In the first part of our coverage on emerging database products and vendors we examined the new NoSQL databases and suggested that the incumbent database vendors would likely respond to the growing threat with a mix of in-memory and distributed caching technologies.
That is yet to happen, although it has only been a few months and the NoSQL databases have generated more noise than revenue at this stage, but in the meantime a new set of database vendors and products have emerged that could pose a more direct threat to the database incumbents while thwarting the potential of the NoSQL upstarts.
For want of a better phrase we have taken to referring to these products collectively as scalable SQL databases, and have just published a new spotlight report pulling together our various reports on the runners and riders.
Some of the vendors promise to deliver the scalability and flexibility promised by NoSQL while retaining the support for SQL queries and/or ACID (atomicity, consistency, isolation, durability). That is not an insignificant boast and it will be tough to offer the best of both worlds.
“SQL For Business, NoSQL For Partay!” is the explanation offered by MulletDB, a project that promises scalability and SQL queries. The danger is the scalable SQL ends up being the database equivalent of the celebrated mullet hairstyle or its business attire equivalent: the jacket and jeans.
One of the companies trying to avoid that problem is GenieDB (coverage) The London-based company’s GenieDB Engine is a fully replicated distributed database that combines a key-value store database with a ‘sharded’ memcached layer. Another example is Clustrix, which was founded in December 2006 to develop a new database appliance that would offer both scalability and durability in a single product.
Meanwhile VoltDB emerged earlier this summer with a transactional database management system that is designed to scale across clusters of industry-standard servers while retaining transactional integrity.
Additionally Xeround has recently confirmed its intention to reposition its Intelligent Data Grid (IDG) technology as Xeround Data Service, a scalable SQL database with support for ACID-compliant transactional capabilities for cloud computing environments, while New Technology/enterprise’s CloudTran, is designed to bring enterprise-level transaction management to GigaSpaces’ XAP in-memory data grid for on-premises deployment, and eventually any PaaS offering.
Meanwhile we are intrigued by VMware’s acquisiton of distributed data management vendor GemStone and its positioning of GemFire as a next-generation data management layer for cloud applications, as well as the forthcoming introduction of SQL querying in GigaSpaces’ eXtreme Application Platform (XAP), which will enable in-memory management of relational data and initiatives.
It is very early stages for all these vendors, and they have yet to prove that they have truly solved the problem of consistency and partition tolerance. In the meantime there are plenty of other contenders waiting in line.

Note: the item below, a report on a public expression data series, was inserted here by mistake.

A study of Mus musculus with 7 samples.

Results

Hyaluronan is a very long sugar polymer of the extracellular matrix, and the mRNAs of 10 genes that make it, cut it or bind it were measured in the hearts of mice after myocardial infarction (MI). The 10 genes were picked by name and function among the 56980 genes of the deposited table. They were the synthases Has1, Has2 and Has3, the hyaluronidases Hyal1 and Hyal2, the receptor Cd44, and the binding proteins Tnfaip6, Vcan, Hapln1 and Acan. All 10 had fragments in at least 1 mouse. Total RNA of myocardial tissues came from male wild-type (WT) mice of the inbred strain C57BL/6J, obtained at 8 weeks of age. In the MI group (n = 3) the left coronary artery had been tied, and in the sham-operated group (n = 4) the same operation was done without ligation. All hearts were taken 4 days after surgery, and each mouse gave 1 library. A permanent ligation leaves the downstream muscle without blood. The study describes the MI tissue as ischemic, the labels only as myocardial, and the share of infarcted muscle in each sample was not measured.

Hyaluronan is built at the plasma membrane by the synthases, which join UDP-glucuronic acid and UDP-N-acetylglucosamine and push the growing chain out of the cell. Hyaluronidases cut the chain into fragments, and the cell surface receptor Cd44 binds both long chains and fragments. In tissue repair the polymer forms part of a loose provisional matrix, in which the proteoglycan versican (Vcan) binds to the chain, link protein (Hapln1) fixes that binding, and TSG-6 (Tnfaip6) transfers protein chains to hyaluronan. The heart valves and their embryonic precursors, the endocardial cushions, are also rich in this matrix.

Akiban is promising that it has the secret to SQL scalability with an approach that pre-groups data in order to overcome latency, caching and data distribution issues. Another company currently in stealth mode is JustOne Database which is working on perfecting a new storage model in order to deliver the performance and scalability required to support transactions and analytics on the same data simultaneously.
That is also the goal of Tokutek, which offers the TokuDB MySQL storage engine is based on Fractal Tree indexing technology designed to reduce data-insertion times and improve the performance of MySQL for both read and write applications.
JustOne and Tokutek are part of a slightly different set of vendors we are viewing under the scalable SQL umbrella: those that promise to improve performance for appropriate workloads to the extent that the advanced scale-out capabilities promised by some NoSQL databases become irrelevant.
While we’re on the subject of existing database vendors that could be considered part of the scalable SQL set, it is also worth mentioning MarkLogic. The company has recently been| associating itself with NoSQL and while the fact that it does not support SQL makes it a better literal fit with NoSQL the company’s support for ACID means that we would see it as an option for customers looking to improve performance without losing consistency, especially for unstructured or semi-structured data.*
As we previously noted; to some degree, the rise of NoSQL has resulted from the inability of the MySQL database to scale consistently. It is no surprise to see many of the scalable SQL vendors promising to improve the performance and scalability of MySQL, therefore, while others promote a clean-slate approach to address new big data management problems.
We have more details on each of the products and projects, mentioned above (as well as some not mentioned) their potential use cases, how they relate to MySQL, and what potential impact they may have on the adoption of NoSQL technologies, in the full report.
This is very much the start of our coverage of these vendors however. Expect more coverage in the near future, as well as a wider perspective on the potential for alternatives to the incumbent database suppliers, into 2011.
*Additionally, since the absence of SQL is only really tangential to many of the projects and products referred to as NoSQL it seems to me to be appropriate to have a database that does not support SQL in the scalable SQL category.